Any ethics project is improved with insight from the people it is seeking to influence. There are variety of ways in which such people can be engaged and, in choosing one method over another, it’s important to be clear about what it represents and to be realistic about what it can achieve. We’re probably all familiar with those engagements that purport to be more than what they add up to: for example, the consultation too late to influence the decision, or the survey that avoids the important questions.
This is not to say that one method of engagement is good and another method bad: all forms of engagement have their uses. What matters is being clear about what a particular form of ethical engagement can deliver, with what you want to achieve from it and how you communicate it to those involved.
In this post, I want to outline five ways in which engagement on ethical issues can take place.
Information giving ensures that those people who need to know something are informed about it. Typical processes: press releases, letter, leaflets, speeches, conference presentations, etc.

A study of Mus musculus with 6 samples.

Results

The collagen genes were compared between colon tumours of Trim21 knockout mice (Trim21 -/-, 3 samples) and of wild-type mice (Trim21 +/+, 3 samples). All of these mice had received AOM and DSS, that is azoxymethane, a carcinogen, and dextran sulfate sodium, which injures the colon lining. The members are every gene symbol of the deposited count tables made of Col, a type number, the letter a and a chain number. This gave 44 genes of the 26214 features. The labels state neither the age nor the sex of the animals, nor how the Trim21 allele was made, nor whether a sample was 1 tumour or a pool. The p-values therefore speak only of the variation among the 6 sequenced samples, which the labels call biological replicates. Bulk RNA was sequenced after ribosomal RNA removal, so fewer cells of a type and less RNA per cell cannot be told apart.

Information gathering is used to inform an initiator who is engaged in reaching a decision or drawing up a proposal. Typical processes: some focus groups, opinion polls, questionnaires, workplace assessments, etc.
A consultation generates responses to a prepared proposal, with the initiator of the consultation wanting to know what the people being consulted think about it. Typical processes: some focus groups, interactive meetings and workshops, consultation documents, leaflets with response opportunities, etc.
Bounded dialogue is used to confirm that an initial decision is correct or to achieve collaboration on the development of an initiative, policy or strategy springing from that decision, or both. Typical processes: workshops, meetings and events designed to meet the initiator’s needs.
With open dialogue, the aim is to develop a decision that meets the needs of both the initiator of the dialogue and the people being engaged with. The process can be more involved, but the outcomes will have greater resonance. Typical processes: a range of interactive methods lead by a facilitator.